Every ship in the world carries an inventory of medicines. (termed “medical chest”)
What is inside that inventory depends on the regulations of each vessel’s Flag state. Usually, there is a distinction between ocean-going vessels and vessels that sail closer to the coast.
This list is not exclusive and many companies decide to add additional equipment through their company’s ISM. After all, you will notice that vital items such as a defibrillator or telemedicine monitor are absent from the “required” list.
Usually, the lists, which are provided by the company that arranged the medicine chest, are split into 3 parts.
It's crucial to note here that when a vessel is visiting the territorial sea of another country, it has to comply with its local regulations. One of those regulations is what classifies as a narcotic.
What your Flag state classifies as a normal medicine, might be considered a narcotic in another country. A great example is Nigeria, where even aspirin is considered a narcotic and if found in the medicine chest, a fine has to be imposed… The only way to avoid this is to ask your local agent for any particular requirements.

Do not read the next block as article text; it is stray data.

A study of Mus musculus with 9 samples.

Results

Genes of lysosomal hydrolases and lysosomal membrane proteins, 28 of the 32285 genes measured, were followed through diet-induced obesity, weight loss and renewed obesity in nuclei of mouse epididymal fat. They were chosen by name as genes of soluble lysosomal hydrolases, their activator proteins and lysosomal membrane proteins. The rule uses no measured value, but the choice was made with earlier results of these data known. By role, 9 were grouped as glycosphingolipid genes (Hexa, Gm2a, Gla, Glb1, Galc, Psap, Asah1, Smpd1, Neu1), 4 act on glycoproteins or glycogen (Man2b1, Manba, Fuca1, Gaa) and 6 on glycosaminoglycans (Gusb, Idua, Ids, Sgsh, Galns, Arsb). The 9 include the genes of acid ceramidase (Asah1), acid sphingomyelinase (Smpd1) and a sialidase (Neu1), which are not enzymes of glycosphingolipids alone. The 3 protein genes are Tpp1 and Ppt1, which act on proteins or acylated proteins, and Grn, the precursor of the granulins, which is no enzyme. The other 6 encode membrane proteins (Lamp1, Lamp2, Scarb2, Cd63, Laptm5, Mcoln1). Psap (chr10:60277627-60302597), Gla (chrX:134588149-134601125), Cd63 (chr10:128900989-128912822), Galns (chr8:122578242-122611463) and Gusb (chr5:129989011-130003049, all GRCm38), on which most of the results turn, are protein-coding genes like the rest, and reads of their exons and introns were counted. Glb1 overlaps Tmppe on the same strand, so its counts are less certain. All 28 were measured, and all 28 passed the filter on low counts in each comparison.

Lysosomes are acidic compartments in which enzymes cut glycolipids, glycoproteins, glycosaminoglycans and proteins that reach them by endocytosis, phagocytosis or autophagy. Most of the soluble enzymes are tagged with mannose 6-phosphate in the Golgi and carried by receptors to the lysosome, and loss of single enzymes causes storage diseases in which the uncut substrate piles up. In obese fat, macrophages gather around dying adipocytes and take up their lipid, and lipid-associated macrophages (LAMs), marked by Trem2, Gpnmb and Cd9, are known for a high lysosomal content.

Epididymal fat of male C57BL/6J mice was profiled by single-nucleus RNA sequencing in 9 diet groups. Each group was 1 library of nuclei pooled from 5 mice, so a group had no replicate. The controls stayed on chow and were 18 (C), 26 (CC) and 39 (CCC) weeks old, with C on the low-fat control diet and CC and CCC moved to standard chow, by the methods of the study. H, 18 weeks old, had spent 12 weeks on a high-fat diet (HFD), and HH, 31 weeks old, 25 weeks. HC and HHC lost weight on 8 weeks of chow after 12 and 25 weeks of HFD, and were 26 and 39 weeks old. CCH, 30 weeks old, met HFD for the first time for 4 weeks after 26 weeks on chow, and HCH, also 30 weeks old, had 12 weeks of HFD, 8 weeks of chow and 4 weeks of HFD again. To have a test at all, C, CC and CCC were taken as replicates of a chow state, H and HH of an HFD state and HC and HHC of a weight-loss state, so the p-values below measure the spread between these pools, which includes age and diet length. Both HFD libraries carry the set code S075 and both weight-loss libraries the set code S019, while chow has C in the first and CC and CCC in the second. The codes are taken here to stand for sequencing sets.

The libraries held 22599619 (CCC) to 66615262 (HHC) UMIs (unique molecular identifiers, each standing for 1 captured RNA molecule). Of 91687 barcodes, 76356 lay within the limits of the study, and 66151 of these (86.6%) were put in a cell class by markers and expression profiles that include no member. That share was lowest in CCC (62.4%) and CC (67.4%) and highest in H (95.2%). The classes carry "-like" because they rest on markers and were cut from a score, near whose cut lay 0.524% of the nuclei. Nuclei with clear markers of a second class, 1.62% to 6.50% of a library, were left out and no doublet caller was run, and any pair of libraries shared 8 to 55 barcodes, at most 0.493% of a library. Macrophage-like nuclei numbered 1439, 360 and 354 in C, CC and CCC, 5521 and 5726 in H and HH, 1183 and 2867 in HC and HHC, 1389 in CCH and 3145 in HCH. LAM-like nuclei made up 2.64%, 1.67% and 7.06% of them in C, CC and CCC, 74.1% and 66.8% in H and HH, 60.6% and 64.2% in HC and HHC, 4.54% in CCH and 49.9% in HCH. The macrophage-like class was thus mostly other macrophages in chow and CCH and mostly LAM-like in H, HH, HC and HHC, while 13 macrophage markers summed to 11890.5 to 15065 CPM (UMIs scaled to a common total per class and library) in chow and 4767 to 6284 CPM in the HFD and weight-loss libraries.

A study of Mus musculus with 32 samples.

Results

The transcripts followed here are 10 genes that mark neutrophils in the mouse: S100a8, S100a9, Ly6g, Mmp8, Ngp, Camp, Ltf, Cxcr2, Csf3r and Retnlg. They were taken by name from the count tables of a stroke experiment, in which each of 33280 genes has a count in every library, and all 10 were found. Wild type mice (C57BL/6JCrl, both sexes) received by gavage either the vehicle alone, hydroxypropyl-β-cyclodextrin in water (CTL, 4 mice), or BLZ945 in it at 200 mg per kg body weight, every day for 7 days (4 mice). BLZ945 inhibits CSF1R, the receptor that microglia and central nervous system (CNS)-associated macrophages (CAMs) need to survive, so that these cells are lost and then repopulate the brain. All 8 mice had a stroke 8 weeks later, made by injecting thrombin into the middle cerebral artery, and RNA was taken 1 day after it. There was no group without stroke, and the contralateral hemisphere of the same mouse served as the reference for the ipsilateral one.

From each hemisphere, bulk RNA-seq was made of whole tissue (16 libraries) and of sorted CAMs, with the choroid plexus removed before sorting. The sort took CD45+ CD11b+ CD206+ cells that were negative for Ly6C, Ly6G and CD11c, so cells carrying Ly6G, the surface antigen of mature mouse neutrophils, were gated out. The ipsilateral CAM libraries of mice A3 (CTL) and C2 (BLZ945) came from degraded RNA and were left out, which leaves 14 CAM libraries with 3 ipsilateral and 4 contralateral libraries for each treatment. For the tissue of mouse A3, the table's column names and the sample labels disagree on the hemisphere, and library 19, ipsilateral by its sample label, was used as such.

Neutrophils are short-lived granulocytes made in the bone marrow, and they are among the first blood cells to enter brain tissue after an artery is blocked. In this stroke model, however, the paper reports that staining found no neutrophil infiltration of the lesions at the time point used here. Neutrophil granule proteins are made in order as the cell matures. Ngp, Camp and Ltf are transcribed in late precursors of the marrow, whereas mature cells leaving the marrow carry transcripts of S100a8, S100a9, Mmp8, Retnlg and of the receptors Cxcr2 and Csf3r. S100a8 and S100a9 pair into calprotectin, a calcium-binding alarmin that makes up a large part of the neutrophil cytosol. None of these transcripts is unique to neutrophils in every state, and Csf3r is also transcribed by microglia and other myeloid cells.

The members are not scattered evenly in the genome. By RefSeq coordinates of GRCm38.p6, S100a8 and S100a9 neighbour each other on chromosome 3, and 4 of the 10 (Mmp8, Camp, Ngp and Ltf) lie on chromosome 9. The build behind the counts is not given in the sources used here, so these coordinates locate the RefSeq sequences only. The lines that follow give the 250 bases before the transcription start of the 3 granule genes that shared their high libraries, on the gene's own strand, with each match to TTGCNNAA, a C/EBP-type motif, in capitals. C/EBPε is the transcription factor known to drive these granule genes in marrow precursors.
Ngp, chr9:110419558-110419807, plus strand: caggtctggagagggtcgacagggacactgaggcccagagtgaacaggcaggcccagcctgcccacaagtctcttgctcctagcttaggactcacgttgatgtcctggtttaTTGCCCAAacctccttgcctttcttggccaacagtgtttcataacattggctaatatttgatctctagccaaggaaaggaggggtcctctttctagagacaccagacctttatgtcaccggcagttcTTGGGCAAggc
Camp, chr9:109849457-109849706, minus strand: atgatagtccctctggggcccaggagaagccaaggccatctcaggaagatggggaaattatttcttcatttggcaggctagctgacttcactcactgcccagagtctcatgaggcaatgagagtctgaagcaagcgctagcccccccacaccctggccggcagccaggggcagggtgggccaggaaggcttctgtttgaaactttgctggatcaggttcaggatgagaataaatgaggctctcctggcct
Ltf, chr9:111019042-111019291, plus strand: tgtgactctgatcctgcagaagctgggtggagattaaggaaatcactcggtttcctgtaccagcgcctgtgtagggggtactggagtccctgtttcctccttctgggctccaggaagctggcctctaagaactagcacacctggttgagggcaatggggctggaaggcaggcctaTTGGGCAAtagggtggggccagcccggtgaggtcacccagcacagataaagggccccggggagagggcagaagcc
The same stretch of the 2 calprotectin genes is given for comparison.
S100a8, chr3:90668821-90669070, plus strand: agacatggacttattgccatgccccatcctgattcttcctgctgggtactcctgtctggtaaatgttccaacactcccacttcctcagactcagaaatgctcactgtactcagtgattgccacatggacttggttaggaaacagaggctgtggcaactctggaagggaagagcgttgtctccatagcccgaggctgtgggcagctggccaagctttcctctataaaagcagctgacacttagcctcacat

Local regulations create another hassle here, as substances that are considered a narcotic can only be supplied locally within the country of delivery and not from the provider that has arranged the medicine chest. Medicines don’t usually have the same brand name around the world and can even lack instructions in English, which makes it hard for the crew to include them in their inventories.
It is important to categorize these locally sourced drugs based on their active substance. It's possible that some of these medicines are not narcotics as per your inventory, so they should not go to the narcotics safe even if they were received by the agent as such. Apart from the active substance, the dosage can change as well. If your list requires you to have 5 x 12 tablets of 500mg, then you should receive 10 x 12 of 250mg and so on.
In this part, you might see a section named “antidotes” or “poison treatment chest”. This is a requirement of the IMDG code and requires additional medicines for cases of poisoning. You might already have some of these medicines on board on your normal medicine list, but they should be kept as a separate list.
Examples of these are oxygen masks, bandages, etc. pretty much anything that is considered a medical “tool”. The expiration date that you will see on these tools usually refers to the date they are no longer considered sterile. Sometimes steel tools such as tweezers come without a sterile packing. In that case, the crew need to sterilize them with 70% alcohol before using them. (that includes if you have opened the package in the past)
To see specific requirements, click on the Flag of your vessel.